Alexa, tell me what’s next for the Consumer Electronics Show – and what’s actually different for marketers from years prior.
It won’t surprise anyone to hear that a big point of interest at CES will be voice technology and its integration into new smart devices and appliances. But what’s really worth paying attention to are the developments and progress for commerce. At Mindshare, we coined the term “incidental loyalty” to refer to a voice assistant’s tendency to recommend or purchase brands we have purchased before. For example, when I tell my Amazon Echo, “Alexa, buy laundry detergent,” the default product offered to me is the same one that I purchased on Amazon the last time I ran out. However, the concept of incidental loyalty is not limited to voice commerce, and emerging smart devices and appliances will use much more than audio cues to recommend purchases and autonomously restock our shelves.
Take, for example, the AmazonBasics Microwave released in September. With this product, Amazon no longer needs me to tell my Echo when I’m out of popcorn. Instead, the retail giant can simply keep track of how much popcorn I have purchased versus how many times I use the microwave’s pre-set timer for popcorn, automatically ordering more popcorn just before I eat the last bag. Of course, popcorn is only the beginning.
Other smart devices with incidental loyalty implications include Amazon Echo Show, Facebook Portal and Google Home Hub. Some analysts also predict that we’ll see new smart speakers with screens coming from other players on the show floor. If consumers opt-in, then these camera/microphone combos have the future potential to monitor in-home consumer activity to inform recommendations and purchases based on what they see and hear. Amazon might not need microwave data to know that I need a popcorn refill if I’m using the Echo Show in other ways — though marketers would obviously be more excited about this versus consumers.
Either way, be on the lookout for new voice integrations with familiar hardware and appliance developers like Sony and Samsung (especially in the traditional speaker, soundbar and headphone space). Also, don’t be surprised if we see new forays into the voice-enabled hardware space from streaming audio platforms like Spotify, which has been the subject of such rumors ever since they integrated voice control functionality into their app. As consumers grow increasingly comfortable with voice search and commerce, expect to see new integrations and hardware from players seeking to position themselves favorably for a future where text-based search and commerce is vulnerable. — Miguel Mora, Associate Director, Invention+, Mindshare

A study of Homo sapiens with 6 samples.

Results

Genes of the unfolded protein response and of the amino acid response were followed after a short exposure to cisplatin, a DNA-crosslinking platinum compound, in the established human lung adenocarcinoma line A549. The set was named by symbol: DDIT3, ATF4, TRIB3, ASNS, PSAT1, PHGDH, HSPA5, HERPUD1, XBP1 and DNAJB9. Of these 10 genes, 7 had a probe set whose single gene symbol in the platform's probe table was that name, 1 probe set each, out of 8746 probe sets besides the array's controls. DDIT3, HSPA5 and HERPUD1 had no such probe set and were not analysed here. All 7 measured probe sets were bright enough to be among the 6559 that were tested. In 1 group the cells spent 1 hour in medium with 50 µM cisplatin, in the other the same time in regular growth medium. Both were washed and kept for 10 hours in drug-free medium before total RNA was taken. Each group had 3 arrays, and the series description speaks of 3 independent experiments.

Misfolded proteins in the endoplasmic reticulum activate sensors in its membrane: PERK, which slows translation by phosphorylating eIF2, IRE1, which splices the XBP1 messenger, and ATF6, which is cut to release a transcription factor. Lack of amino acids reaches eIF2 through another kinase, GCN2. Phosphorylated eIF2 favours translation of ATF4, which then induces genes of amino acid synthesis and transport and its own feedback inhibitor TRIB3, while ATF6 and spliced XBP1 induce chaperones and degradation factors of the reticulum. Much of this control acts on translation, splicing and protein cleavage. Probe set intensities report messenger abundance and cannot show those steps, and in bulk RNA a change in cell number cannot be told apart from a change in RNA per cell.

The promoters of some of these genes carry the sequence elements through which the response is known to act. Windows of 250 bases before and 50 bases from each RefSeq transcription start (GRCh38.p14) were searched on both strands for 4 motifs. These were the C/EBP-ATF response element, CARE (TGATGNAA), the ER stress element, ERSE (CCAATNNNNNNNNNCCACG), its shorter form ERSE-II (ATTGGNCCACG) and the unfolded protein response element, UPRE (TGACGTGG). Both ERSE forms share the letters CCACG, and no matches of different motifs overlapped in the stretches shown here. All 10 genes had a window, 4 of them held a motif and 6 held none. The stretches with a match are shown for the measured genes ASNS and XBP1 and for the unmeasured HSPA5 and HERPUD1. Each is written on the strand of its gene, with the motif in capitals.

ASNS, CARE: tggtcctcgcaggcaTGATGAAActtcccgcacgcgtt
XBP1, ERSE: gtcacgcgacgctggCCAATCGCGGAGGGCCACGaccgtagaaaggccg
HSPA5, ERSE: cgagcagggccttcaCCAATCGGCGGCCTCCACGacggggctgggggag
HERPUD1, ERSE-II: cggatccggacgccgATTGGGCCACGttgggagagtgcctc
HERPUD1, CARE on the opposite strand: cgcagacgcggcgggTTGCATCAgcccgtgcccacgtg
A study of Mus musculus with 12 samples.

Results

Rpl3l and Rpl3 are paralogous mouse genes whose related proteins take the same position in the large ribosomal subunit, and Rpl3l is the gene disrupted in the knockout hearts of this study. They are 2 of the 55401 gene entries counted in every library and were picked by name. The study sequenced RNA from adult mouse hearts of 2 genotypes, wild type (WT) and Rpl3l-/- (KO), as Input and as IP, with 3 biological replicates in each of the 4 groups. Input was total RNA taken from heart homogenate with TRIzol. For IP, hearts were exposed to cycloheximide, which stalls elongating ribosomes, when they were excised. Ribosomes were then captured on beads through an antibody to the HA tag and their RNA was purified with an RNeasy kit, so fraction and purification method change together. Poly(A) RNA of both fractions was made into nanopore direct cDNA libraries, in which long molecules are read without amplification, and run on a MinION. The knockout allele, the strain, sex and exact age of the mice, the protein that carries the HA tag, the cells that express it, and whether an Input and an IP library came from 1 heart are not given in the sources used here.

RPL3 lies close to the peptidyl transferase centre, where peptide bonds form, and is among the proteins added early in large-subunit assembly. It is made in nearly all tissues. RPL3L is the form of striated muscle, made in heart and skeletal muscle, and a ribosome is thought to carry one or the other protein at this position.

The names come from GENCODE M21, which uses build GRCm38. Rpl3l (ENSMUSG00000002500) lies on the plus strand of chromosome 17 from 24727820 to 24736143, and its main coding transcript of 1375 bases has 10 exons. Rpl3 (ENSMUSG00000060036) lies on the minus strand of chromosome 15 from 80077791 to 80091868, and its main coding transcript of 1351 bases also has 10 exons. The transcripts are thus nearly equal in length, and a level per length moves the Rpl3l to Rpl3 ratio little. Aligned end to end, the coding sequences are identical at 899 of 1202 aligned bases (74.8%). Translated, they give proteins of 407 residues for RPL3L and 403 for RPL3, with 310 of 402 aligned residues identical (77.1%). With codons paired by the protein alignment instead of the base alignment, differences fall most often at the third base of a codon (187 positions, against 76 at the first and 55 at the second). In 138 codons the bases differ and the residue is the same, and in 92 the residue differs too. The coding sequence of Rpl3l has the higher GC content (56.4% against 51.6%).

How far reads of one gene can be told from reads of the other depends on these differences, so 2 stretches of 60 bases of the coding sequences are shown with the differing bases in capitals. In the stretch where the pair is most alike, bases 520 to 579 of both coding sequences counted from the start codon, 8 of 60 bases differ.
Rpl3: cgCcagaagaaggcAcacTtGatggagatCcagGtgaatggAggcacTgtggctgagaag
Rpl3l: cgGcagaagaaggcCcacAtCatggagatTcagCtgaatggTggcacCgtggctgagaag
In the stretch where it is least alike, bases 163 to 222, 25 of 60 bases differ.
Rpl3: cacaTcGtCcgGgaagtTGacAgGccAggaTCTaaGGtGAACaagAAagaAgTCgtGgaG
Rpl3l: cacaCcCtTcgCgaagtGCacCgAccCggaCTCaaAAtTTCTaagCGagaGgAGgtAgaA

The Next Steps for Autonomous Driving
It’s no secret that auto has played a growing role at CES over the past few years. For 2019, CES has over 500 exhibitors listed for “vehicle technology” with everything from infotainment and safety systems to in-vehicle biometrics, connected car technologies and more. While this will definitely not be the year that autonomous driving comes to the masses, companies are using this technology to disrupt industries in other ways. In the last few months alone:
- Volvo announced its first commercial self-driving trucks which will be used in mining.
- Walmart and Ford partnered to deliver groceries to your door via self-driving cars.
- Waymo, formerly the Google self-driving car project, launched a driverless taxi service this month in Phoenix, Arizona – though most cars still have safety drivers in the front seat.
What does this mean for marketers? It’s no secret that self-driving cars have had their share of speedbumps in the past and that consumers are still some time away from owning them. But a number of companies at CES are already planning for a future where drivers and passengers no longer need to pay as close attention to the road — where people will have more time to consume media and content, all while in the car and on the go.
With the inevitable changes to commuting and mobility behaviors, from a location targeting perspective marketers will need to define how to communicate with consumers while in the car. Are they in a lean back environment where they can absorb video and long-form content? Or will there be a new form of media with autonomous vehicles in mind? For example, Disney and Audi are teasing a collaboration for CES that suggests they’re considering this a “new media type.”
And then there are the breakthroughs to come in 5G. For example, Ericsson filed to do an autonomous test drive at CES with its 5G technology. Advancements in 5G will help drive reliability and better safety in autonomous cars, which is key because perceptions around safety are perhaps the biggest thing holding back consumers right now. The future of self-driving may not be here yet, but it’s time to start thinking about what role your brand could potentially play. –– Zach Freeman, Manager, Invention+, Mindshare
You can also read the full piece in Media Village here.